The party day is finally here, the food is out and the guests have arrived. Now what?
While I agree that throwing a bunch of children together and feeding them sugar is enough entertainment in itself, I do think that having some structured play in between can be fun at the party too.
Structured play can help to teach children a number of skills: patience (waiting their turn), co-ordination (depending on the game), social skills (learning to play together) and a sense of pride (winning the game), to name a few.
What I also love about party games is how it can help to bring together your party guests. Often, birthday party guests are a mix of family friends as well as school friends, who have never met each other before. While most of the children just get along with things, you do sometimes get one or two shy children who don’t really know how to integrate with the rest of the guests. Getting everyone involved in a single activity can solve this issue and I have often seen the most timid children having a ball after a game or two.
1. Have a mix of games: It is nice to have some games that require the children to sit down and concentrate and some games that allow them to run around. Having a variety of games also helps to keep all of the children interested.
2. Prizes: Prizes can be a great incentive to get children involved in the game however please remember that some children, especially your younger ones, don’t really understand the concept. They will see their friends winning a prize and will end up in tears or in a fight because they didn’t get one. The concept can be explained to older children however I have found that in younger children it can really have a negative effect on the whole party. If this is the case you can either choose to have no prizes at all, or, what I did at our party is to have enough prizes for each child. I had the main prizes and then I also had boxes of smarties as filler prizes. That way, by the end of all the games, each child had received something.
3. Don’t have too many games: Let’s face it, when dealing with a bunch of little people, when you introduce too many structured activities they are going to get bored. Select two or three games and play them properly rather than having a lot of games that everyone loses interest in. If you are going to have a few games, try to space them out throughout the duration of the party.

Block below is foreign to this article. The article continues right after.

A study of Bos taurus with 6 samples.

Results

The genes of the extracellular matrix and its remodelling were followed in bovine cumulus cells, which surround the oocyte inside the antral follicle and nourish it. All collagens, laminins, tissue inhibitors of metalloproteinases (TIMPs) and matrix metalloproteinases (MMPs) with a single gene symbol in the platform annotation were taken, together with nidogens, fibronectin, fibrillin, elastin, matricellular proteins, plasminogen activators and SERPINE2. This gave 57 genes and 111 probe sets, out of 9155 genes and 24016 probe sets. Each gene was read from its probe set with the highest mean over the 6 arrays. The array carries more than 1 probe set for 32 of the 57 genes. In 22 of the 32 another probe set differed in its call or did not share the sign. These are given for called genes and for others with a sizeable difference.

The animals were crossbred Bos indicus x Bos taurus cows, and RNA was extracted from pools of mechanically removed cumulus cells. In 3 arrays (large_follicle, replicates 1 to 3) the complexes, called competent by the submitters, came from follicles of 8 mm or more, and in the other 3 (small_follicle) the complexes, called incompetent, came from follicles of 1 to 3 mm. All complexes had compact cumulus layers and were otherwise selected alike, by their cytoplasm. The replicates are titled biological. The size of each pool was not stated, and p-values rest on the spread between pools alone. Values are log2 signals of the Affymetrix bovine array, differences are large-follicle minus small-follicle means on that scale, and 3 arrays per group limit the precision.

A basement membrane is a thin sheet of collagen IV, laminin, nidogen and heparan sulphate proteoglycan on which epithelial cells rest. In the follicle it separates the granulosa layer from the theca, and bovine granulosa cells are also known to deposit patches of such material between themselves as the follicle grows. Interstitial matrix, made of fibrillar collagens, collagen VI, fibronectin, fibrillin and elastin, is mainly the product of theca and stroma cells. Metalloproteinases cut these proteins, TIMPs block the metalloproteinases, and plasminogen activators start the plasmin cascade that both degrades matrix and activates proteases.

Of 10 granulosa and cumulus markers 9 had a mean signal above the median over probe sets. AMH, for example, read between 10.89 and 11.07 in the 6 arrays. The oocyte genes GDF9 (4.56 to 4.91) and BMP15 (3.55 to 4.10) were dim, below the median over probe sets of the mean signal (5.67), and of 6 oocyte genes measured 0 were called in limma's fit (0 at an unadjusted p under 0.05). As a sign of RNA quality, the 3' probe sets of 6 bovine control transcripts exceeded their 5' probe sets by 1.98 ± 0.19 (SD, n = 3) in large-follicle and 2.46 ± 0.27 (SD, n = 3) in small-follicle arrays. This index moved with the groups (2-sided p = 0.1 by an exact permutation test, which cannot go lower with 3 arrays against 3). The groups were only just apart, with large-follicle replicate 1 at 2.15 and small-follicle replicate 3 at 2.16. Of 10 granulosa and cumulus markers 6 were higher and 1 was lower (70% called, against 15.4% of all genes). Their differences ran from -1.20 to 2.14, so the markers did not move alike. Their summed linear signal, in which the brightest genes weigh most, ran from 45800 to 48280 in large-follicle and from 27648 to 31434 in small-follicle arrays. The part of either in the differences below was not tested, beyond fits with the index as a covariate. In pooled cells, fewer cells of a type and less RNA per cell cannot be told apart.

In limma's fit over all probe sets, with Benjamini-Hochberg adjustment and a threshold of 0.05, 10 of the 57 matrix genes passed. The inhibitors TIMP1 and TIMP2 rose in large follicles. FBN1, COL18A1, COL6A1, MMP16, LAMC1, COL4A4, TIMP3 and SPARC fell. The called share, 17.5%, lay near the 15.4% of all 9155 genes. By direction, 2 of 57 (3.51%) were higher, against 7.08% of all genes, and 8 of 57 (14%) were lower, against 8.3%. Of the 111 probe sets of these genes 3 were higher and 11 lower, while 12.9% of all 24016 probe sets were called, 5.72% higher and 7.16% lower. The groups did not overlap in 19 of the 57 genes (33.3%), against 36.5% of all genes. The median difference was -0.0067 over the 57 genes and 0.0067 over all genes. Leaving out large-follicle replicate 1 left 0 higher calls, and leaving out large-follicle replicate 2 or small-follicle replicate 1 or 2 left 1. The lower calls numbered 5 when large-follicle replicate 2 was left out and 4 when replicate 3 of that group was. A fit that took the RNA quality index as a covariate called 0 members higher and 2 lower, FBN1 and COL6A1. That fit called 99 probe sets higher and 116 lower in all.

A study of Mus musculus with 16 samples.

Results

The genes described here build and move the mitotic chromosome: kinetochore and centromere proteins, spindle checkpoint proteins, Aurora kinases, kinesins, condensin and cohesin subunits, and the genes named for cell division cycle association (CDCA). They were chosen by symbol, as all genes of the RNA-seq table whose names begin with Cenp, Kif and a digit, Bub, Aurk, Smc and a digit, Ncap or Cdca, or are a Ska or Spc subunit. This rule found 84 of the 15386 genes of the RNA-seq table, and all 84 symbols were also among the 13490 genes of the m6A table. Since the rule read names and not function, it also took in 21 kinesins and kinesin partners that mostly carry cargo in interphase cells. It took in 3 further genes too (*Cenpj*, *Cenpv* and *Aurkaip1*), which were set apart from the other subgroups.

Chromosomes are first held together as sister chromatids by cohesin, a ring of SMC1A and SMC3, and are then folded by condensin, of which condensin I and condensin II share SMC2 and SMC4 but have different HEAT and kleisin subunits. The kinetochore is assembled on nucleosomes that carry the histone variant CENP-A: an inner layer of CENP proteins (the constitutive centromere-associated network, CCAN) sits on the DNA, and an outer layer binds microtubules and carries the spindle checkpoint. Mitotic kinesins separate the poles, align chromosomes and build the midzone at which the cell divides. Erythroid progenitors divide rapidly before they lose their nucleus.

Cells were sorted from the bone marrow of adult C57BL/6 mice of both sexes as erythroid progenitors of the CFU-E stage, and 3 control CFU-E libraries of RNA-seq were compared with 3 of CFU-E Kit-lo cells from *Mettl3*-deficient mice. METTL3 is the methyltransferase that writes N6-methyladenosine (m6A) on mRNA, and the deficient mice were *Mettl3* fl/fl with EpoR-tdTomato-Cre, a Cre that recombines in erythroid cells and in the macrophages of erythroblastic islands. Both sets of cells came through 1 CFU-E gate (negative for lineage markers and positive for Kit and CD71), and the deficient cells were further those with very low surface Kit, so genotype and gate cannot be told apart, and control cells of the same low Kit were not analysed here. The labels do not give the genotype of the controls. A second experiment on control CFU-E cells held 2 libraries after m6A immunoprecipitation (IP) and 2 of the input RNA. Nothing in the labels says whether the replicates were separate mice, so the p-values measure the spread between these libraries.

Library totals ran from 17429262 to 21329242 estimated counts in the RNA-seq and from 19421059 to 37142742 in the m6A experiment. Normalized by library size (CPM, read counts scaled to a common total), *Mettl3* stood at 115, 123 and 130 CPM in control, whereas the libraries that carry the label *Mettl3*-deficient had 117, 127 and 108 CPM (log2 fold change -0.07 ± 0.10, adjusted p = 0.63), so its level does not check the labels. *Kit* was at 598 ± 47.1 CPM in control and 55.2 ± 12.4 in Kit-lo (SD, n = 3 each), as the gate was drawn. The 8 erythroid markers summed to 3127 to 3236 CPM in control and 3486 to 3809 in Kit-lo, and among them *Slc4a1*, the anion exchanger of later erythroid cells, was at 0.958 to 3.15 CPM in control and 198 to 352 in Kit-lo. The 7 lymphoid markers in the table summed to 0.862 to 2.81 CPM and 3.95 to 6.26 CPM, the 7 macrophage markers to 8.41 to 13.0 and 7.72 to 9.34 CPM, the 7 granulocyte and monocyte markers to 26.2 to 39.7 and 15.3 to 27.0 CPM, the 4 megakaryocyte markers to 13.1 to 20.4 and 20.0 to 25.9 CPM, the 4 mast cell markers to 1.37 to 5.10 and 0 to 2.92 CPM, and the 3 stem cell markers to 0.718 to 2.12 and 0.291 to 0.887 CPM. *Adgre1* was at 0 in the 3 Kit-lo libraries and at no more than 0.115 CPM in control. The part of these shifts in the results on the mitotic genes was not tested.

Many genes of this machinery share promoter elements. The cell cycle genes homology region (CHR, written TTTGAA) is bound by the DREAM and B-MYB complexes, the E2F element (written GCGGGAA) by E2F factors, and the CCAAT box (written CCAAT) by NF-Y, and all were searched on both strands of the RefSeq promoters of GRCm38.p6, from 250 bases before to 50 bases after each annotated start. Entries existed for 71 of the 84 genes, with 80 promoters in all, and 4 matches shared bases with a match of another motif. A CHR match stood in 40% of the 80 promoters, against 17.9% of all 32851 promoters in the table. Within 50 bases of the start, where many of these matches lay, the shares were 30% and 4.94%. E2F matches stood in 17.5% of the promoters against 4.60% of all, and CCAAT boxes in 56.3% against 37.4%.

4. Make your games age appropriate: While your child is turning a specific age, most parties end up with children from a variety of ages and so it can be difficult to choose games that everyone can play. When choosing party games, I try to choose ones where the rules aren’t too complicated so that most children (from about 2 upwards) can get involved with minimal assistance.
Some of my favourite party games include:
• Pass the parcel – always a favourite and you can put boxes of smarties in between the layers so that most of your guests get something.
• Musical statues or musical chairs – little people love dancing
• Simon says – lots of fun and great for body awareness
• Catchers – for your slightly older children
• Stuck in the mud – this is a really fun game as it involves running around, standing still and children crawling between their legs which is wonderful for spatial awareness.
• Pin the tail on the donkey – you can make the tail and the donkey anything that fits in with your party theme.
For our last party, although I had planned for four or five games, we only ended up playing pass the parcel and a round of musical statues before the children had enough. While I thought it would have been fun to play more (perhaps I wanted to play them more than the children did) I could see that the little ones had enough and were far more interested in cutting the cake and playing dress up than more games!